Transcipt of video interview with Rankin

Photographer, Rankin, talks about the 'ALIVE: In the Face of Death' exhibition. 

Rankin: Someone said to me at the beginning of the project; "You should think about death every day for 15 minutes, because you just get used to it."  And I think that art is a really great way of making you think about it. There's a real tradition of it. What I've realised is that we actually need art to kind of help us discuss it, remember it, be reminded of it, to think about it. Whether it's visual art or whether it's written, art is a very good way of processing your thoughts. And making you laugh and making your cry.

What I was finding with my project initially was that we, in this country, have kind of hidden a lot of what goes on with death, behind doors. Hospital doors, mortuary doors, crematorium doors - so it's not as present in our lives. So we really need art probably more now than ever before.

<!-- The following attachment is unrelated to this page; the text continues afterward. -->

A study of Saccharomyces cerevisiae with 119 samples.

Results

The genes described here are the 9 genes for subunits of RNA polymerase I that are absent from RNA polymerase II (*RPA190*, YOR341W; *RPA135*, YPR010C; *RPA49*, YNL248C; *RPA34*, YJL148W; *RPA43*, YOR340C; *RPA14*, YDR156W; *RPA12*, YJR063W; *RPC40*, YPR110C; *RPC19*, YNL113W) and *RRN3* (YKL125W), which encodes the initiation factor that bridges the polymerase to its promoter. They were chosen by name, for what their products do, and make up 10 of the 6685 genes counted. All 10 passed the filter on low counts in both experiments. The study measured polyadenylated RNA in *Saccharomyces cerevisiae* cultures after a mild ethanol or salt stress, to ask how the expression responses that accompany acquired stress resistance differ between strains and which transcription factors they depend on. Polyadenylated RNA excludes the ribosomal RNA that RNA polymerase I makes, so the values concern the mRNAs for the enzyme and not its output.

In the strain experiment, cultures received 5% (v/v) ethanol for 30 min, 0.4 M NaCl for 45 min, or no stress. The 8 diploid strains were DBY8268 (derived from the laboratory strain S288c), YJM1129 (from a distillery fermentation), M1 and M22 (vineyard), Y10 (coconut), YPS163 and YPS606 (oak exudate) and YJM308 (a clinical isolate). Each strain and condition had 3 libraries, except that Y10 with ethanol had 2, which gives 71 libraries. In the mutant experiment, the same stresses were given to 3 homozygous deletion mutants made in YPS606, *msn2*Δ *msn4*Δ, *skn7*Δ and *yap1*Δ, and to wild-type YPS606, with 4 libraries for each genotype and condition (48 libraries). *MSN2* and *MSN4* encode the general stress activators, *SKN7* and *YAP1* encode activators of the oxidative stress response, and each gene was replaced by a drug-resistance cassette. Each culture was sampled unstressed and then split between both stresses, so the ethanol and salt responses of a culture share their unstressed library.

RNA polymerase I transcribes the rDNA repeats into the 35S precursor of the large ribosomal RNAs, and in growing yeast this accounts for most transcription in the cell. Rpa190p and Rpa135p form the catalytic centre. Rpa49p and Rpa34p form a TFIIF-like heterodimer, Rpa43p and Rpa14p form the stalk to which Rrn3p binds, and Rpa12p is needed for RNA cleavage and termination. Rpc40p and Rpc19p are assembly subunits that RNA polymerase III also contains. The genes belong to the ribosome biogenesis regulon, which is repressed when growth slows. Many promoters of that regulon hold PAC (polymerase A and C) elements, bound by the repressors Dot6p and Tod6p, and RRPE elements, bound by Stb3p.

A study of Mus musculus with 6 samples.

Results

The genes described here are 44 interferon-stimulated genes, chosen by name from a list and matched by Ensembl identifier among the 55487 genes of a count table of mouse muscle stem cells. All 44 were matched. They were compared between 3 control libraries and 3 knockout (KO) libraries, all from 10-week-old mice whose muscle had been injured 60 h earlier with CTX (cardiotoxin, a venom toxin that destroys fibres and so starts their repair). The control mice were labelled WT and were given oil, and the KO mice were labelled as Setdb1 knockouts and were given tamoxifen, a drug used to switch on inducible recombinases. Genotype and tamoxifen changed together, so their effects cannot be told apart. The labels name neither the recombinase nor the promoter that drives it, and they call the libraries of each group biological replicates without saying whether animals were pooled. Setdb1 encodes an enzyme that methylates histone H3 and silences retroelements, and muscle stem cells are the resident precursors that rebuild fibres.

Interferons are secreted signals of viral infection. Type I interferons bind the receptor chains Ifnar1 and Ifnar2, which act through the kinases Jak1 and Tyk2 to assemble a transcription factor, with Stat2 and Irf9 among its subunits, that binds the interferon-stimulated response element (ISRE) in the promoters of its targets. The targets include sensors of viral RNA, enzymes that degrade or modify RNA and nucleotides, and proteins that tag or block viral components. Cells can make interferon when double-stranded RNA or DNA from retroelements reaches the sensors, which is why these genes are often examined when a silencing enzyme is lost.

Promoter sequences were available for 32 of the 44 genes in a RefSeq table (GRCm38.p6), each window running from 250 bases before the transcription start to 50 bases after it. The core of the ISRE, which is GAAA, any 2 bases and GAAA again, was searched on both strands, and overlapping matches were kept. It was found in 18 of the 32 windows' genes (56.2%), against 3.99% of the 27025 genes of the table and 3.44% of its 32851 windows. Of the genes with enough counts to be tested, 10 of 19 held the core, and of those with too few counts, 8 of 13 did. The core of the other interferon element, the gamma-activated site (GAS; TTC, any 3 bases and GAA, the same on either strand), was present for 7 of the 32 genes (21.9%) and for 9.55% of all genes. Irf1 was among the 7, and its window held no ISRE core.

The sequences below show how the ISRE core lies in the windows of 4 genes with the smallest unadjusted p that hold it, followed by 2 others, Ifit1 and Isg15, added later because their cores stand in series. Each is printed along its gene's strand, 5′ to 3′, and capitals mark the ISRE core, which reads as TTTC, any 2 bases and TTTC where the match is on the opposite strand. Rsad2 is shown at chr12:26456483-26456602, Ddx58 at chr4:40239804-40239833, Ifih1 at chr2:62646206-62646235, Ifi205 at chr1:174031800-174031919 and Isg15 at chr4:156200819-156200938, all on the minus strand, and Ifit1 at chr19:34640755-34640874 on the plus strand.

I've thought a lot about the people who are going to come and look at the show, probably as much as the people that I was working with on it - taking photographs of. I kept thinking about it and there were a lot of crazy ideas that I came up with early on. I think the gallery thought I was mad. Because I didn't want it to be depressing, I didn't want people to come and kind of go; "Oh this is so sad and hard to deal with."  So my balance was; there was some of my own approach to it that was supposed to be a bit lighter, there was some of me going "Oh I'm scared of it" and then I wanted to do something with my parents. I was also really interested in idea of Mexican 'Day of the Dead' and how they would have shrines to people that had passed away, to allow them to come back for the day to visit almost - but to remember them.

I'm worried about the people who are going to come into the show and the people who are in the show - and I don't mean the media, I mean the actual public. I hope they like it and I hope they get something from it. I don't know what it is they'll get from it. I guess I'm hoping: a way of being able to talk about it, an ability to just chat about it, to open those doors that we normally leave closed.